I loved Good in Bed. It is raw, funny, honest and wise. As a woman who has struggled with her body image, I certainly relate to Cannie Shaprio. Most women can.
Six months ago I read the advance review for the sequel, Certain Girls. I could hardly wait to get my hands on it. Usually that kind of anticipation is a set up for disappointment. Happily, Certain Girls not only did not disappoint. It actually surpassed my expectations.
In Certain Girls Jennifer Weiner beautifully captures the complexity, pain and joy of motherhood, daughterhood, sisterhood and marriage.
At the heart of this story is the relationship between a teenag
e daughter and her mother. This is arguably, the most difficult and intricate relationship on the planet. It is exceedingly problematic even in the most "normal" family. Cannie and Joy, however, most definitively do not have anything as bland as a normal family.
Joy is a teenager who alternatively loves and hates her Mom. Cannie is a Mom struggling to let her baby grow up. The story line alternates between their points of view as they war over Cannie's (fictionalized) past, their daily interactions and Joy's upcoming Bat Mitzvah.
Joy's Bat Mitzvah is the overarching and powerful symbol of Joy's entry into adulthood. As she makes the transition she is overcome with the need to make sense of her convoluted family tree. She wants to know all about her Mom's and Dad's secrets, her biological Dad's new family and her very absent Grandfather.
Cannie is still working out the complicated relationships she has with her over the top lesbian Mom and ditzy but lovable little sister, Elle. And to complicate thing further, just as she is letting go of one child, her husband is lobbying for a baby.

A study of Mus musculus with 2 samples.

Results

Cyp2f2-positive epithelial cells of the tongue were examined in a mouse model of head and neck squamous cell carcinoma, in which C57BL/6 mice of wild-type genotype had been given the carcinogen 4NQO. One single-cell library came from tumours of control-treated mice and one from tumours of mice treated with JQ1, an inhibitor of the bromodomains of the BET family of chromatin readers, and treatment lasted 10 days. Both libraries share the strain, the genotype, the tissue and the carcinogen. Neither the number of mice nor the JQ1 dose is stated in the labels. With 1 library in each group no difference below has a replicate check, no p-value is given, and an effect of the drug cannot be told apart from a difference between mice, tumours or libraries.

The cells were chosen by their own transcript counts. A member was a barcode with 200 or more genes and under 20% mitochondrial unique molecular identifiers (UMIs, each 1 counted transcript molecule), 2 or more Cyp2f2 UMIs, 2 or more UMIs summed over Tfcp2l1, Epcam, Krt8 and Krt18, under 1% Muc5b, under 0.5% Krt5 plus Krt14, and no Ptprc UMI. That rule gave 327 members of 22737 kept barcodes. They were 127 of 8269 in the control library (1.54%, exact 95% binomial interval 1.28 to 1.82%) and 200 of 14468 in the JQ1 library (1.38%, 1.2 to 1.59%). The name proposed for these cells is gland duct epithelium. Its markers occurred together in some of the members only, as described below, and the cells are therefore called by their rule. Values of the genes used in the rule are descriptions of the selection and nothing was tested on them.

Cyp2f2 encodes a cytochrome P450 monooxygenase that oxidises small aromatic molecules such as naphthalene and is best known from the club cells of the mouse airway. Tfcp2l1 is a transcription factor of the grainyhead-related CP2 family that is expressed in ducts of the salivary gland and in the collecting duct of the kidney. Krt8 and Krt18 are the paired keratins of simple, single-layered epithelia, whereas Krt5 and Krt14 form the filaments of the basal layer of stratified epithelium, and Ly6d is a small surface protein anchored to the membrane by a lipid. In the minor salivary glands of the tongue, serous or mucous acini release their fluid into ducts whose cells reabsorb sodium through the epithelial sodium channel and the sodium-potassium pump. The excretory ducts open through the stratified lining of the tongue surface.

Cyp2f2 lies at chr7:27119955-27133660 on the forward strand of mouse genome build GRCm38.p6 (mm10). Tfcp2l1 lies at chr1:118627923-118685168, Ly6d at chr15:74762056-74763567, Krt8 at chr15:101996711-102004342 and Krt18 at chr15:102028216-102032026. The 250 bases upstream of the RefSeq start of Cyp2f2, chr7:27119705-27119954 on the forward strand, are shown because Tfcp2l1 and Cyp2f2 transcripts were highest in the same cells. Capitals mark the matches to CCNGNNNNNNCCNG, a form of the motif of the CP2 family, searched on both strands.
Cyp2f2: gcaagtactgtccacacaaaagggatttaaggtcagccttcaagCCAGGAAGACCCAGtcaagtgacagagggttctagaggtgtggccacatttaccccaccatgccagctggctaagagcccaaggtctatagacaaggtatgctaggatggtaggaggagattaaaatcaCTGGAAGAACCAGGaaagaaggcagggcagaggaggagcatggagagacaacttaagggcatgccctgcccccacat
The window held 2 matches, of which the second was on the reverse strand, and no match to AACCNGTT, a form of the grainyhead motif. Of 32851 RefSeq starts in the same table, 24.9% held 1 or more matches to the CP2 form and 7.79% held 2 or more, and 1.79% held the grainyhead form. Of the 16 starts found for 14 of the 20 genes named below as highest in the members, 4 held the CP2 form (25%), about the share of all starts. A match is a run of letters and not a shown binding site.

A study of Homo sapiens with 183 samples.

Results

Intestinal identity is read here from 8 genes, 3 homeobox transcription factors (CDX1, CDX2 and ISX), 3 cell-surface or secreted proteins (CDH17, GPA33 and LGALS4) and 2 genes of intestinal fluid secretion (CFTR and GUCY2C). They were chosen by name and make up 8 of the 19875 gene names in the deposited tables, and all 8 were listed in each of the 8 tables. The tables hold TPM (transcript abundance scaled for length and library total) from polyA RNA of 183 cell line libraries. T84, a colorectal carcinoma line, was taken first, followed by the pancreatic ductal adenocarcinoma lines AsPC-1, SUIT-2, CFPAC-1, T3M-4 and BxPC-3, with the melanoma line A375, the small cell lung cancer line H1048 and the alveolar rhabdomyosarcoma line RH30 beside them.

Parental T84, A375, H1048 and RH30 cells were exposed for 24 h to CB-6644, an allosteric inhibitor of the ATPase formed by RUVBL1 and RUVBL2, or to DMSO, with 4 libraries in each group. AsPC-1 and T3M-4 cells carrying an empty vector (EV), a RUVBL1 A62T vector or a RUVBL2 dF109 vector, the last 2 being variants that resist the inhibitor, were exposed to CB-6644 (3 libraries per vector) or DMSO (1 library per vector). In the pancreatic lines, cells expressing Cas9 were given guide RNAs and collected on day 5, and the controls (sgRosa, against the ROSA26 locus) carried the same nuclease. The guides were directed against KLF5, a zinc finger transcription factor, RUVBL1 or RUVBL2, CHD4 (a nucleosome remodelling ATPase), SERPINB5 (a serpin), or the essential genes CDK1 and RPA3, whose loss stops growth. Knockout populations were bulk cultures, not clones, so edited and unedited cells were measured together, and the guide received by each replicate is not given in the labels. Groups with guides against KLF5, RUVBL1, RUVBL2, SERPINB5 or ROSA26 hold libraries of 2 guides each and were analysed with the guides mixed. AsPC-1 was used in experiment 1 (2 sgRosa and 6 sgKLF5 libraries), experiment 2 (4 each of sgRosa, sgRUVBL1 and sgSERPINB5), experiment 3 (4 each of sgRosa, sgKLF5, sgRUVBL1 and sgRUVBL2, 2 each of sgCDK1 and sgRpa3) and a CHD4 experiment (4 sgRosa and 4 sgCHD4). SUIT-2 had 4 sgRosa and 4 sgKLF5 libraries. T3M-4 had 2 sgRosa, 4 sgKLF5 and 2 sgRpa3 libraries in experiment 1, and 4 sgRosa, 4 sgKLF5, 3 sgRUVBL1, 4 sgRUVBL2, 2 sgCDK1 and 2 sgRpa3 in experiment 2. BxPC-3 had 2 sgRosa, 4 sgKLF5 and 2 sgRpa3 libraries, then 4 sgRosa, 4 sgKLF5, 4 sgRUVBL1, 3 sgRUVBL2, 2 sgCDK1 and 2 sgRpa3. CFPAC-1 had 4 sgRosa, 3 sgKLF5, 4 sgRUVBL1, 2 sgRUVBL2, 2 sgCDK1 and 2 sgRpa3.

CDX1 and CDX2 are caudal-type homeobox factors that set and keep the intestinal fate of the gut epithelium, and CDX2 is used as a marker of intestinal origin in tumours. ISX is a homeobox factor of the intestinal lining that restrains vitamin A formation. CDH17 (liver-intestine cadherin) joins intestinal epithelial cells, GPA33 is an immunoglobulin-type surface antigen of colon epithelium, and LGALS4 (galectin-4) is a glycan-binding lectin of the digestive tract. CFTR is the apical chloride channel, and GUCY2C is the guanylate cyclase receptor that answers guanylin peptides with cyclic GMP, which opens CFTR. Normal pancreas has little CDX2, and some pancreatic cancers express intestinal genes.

Weiner's ear for dialogue, her wit and compassion are all on display as she examines these complicated relationships and events.
Too often Weiner is categorized as just a "chick-lit" writer. The pink cover certainly reinforces that impression. Don't be fooled. This is not a fluffy, girly book. This is a nitty gritty account of coming to terms with the messy, complex web of family.
The Publishers says:
Readers fell in love with Cannie Shapiro, the smart, sharp-tongued, bighearted heroine of Good in Bed who found her happy ending after her mother came out of the closet, her father fell out of her life, and her ex-boyfriend started chronicling their ex-sex life in the pages of a national magazine.
Now Cannie's back. After her debut novel -- a fictionalized (and highly sexualized) version of her life -- became an overnight bestseller, she dropped out of the public eye and turned to writing science fiction under a pseudonym. She's happily married to the tall, charming diet doctor Peter Krushelevansky and has settled into a life that she finds wonderfully predictable -- knitting in the front row of her daughter Joy's drama rehearsals, volunteering at the library, and taking over-forty yoga classes with her best friend Samantha.
As preparations for Joy's bat mitzvah begin, everything seems right in Cannie's world. Then Joy discovers the novel Cannie wrote years before and suddenly finds herself faced with what she thinks is the truth about her own conception -- the story her mother hid from her all her life. When Peter surprises his wife by saying he wants to have a baby, the family is forced to reconsider its history, its future, and what it means to be truly happy.
Radiantly funny and disarmingly tender, with Weiner's whip-smart dialogue and sharp observations of modern life, Certain Girls is an unforgettable story about love, loss, and the enduring bonds of family.